Earn Credit for Prior Knowledge and Experience

There are numerous ways to earn college credit outside the traditional classroom. PLA options include:

Experiential Learning

Matriculated students who have completed 15 credits may receive a maximum of 15 credits for experiential learning. This learning must be at college level; it may match the content of specific courses or not. Credit is awarded by the appropriate department after a detailed assessment of the documentation provided by the student to that department. Documentation can include Portfolios, detailed resumes, professional learning/certifications (i.e. EMT, Police, Fire, Military Medic, Social Services …) and as much supporting information as possible to allow for an appropriate evaluation. Students must begin by filling out the Prior/Experiential Learning form and submitting it to the appropriate academic department for evaluation. For more information and details on what “Experiential” credit is see our FAQ’s.


External Agencies:

The College will grant matriculated students a maximum of 30 credits on the basis of, among others, the following: Advanced Placement Courses (AP), Regents College Examinations, American College Testing Proficiency (ACT-PEP), and College Level Examination Programs (CLEP).

Academic departments or programs may authorize the assignment of specific course equivalents for credit-by-examination through outside agencies. Otherwise, such credits will be acceptable only as elective credits. Credits granted by examination through outside agencies will appear on student records appropriately identified by type of exam, subject, number of credits, and P (passing) grade. No credit will be awarded for a subject area examination in which the student has already taken an equivalent college course or completed a higher-level, more advanced college course. Based on faculty review and recommendations, the Office of Recruitment and Admissions monitors and coordinates the awarding of credit by examinations taken through outside agencies and the implementation of uniform College policy on credit-by-examination.

College Level Examination Program (CLEP) ExamsTests of college material offered by the College Board. The College grants credit for designated CLEP General Examinations. For CLEP introductory subject exams with separate essay test, the College requires that students take both the multiple-choice objective test and the separate essay test. Award of credit is based on performance on both parts of the subject exam. In order to receive credit, students must pass the subject examinations with a scaled score in at least the 50th percentile and minimally equivalent to a passing grade of C. Please see the College Level Examination Program articulation chart to see if credit applies. Official scores need to be sent by the College Board to the Registrar’s Office for review. Applications and information about CLEP examinations are available from the CSI College Testing Office 1A 104 (718 - 982 - 2380) and at www.collegeboard.org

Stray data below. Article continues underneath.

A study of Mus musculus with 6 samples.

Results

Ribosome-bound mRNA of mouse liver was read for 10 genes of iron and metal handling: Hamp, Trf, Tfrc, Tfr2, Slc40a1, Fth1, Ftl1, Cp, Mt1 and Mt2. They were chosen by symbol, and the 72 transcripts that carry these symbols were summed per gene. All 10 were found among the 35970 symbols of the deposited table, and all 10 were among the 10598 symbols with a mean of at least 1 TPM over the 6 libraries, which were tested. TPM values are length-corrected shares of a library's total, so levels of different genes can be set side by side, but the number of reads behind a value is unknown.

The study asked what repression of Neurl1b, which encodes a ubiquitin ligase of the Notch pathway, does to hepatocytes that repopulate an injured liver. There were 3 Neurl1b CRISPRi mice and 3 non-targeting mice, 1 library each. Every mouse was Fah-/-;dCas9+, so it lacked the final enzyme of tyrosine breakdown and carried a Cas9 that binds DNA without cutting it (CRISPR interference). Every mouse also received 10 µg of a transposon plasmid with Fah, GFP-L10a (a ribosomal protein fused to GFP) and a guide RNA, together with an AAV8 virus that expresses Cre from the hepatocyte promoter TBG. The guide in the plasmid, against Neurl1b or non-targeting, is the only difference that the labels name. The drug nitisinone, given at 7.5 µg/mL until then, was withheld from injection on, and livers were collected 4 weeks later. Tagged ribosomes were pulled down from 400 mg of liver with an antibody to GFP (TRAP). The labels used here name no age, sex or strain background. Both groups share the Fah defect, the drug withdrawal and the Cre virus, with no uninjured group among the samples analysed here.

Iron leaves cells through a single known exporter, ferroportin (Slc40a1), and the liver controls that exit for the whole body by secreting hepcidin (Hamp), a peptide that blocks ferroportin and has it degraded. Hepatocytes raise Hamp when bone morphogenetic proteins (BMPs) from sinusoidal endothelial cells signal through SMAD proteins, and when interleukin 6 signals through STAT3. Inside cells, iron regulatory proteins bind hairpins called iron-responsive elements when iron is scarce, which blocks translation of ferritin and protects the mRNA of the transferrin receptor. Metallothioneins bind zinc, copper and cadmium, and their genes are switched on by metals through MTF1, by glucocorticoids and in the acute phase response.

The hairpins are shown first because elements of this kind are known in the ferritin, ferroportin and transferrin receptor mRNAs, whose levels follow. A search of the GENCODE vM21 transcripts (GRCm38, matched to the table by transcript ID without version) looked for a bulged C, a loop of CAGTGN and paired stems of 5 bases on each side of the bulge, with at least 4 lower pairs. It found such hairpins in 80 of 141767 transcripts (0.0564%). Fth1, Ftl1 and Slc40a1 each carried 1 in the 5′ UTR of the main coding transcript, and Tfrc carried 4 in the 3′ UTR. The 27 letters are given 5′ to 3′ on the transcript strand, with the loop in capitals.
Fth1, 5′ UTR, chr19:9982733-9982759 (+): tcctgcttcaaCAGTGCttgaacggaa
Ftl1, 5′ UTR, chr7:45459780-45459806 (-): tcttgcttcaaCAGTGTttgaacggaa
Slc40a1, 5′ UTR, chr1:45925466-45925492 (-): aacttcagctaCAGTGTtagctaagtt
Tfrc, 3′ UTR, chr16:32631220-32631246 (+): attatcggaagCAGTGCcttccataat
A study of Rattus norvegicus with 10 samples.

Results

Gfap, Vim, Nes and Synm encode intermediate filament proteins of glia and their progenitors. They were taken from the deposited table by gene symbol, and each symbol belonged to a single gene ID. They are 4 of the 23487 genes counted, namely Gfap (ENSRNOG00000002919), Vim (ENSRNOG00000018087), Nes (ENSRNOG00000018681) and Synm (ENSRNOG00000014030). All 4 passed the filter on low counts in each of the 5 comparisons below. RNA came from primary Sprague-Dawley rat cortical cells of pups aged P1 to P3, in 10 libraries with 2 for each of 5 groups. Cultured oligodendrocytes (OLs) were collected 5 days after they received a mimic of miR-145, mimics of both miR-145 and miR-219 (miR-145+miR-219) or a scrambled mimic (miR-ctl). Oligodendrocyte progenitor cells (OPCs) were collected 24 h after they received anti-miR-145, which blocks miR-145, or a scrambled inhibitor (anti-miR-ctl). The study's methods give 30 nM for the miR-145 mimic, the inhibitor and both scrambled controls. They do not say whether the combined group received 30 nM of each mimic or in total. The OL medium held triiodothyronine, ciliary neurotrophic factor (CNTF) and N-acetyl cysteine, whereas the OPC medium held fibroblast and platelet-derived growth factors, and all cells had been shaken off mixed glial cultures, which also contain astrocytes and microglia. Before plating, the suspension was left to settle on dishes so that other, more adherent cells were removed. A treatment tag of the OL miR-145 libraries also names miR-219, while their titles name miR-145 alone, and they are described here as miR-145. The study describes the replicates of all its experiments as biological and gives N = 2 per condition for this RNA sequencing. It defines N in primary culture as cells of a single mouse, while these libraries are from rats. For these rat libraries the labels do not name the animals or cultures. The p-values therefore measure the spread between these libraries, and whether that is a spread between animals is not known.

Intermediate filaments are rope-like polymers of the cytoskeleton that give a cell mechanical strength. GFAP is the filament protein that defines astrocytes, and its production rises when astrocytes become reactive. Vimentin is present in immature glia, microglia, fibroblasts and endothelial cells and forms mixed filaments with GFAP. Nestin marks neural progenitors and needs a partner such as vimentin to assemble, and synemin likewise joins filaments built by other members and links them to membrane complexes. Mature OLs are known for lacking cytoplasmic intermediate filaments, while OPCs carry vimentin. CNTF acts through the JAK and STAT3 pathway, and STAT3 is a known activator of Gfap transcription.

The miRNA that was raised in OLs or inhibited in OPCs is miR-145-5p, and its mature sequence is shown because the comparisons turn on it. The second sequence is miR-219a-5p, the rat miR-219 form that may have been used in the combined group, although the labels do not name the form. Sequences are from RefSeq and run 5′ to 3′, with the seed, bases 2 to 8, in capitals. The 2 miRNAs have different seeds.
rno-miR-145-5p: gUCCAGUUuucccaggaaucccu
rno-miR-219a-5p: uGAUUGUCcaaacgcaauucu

Advanced Placement (AP) Exams –A series of tests developed by the College Board initially for AP High School courses, including 34 exams in 19 subject areas.
Credits are awarded to students with official score reports of four or higher on any Advanced Placement (AP) exam. Please see the Advanced Placement course equivalency chart to see if credit applies. You should designate the College of Staten Island (CUNY CSI/School Code 2778) at the time you take the exam or if you later request official AP scores to be sent by the College Board to the Registrar’s Office for review.

For information on a CLEP prep program to help you prepare for the CLEP exams please visit the Modern States Educational Alliance website

American Council on Education (ACE) Guides–Published recommendations for formal instructional programs offered by non-collegiate agencies, both civilian employers and the military. See the CSI Transfer Information Site for more detailed information.

Campus Based Testing

Departmental Challenge Examinations
At the discretion of academic departments or programs, students may take departmental challenge examinations to demonstrate college-level competency in courses that have not been taken at CSI (or at any other college), and for which no credit has already been received.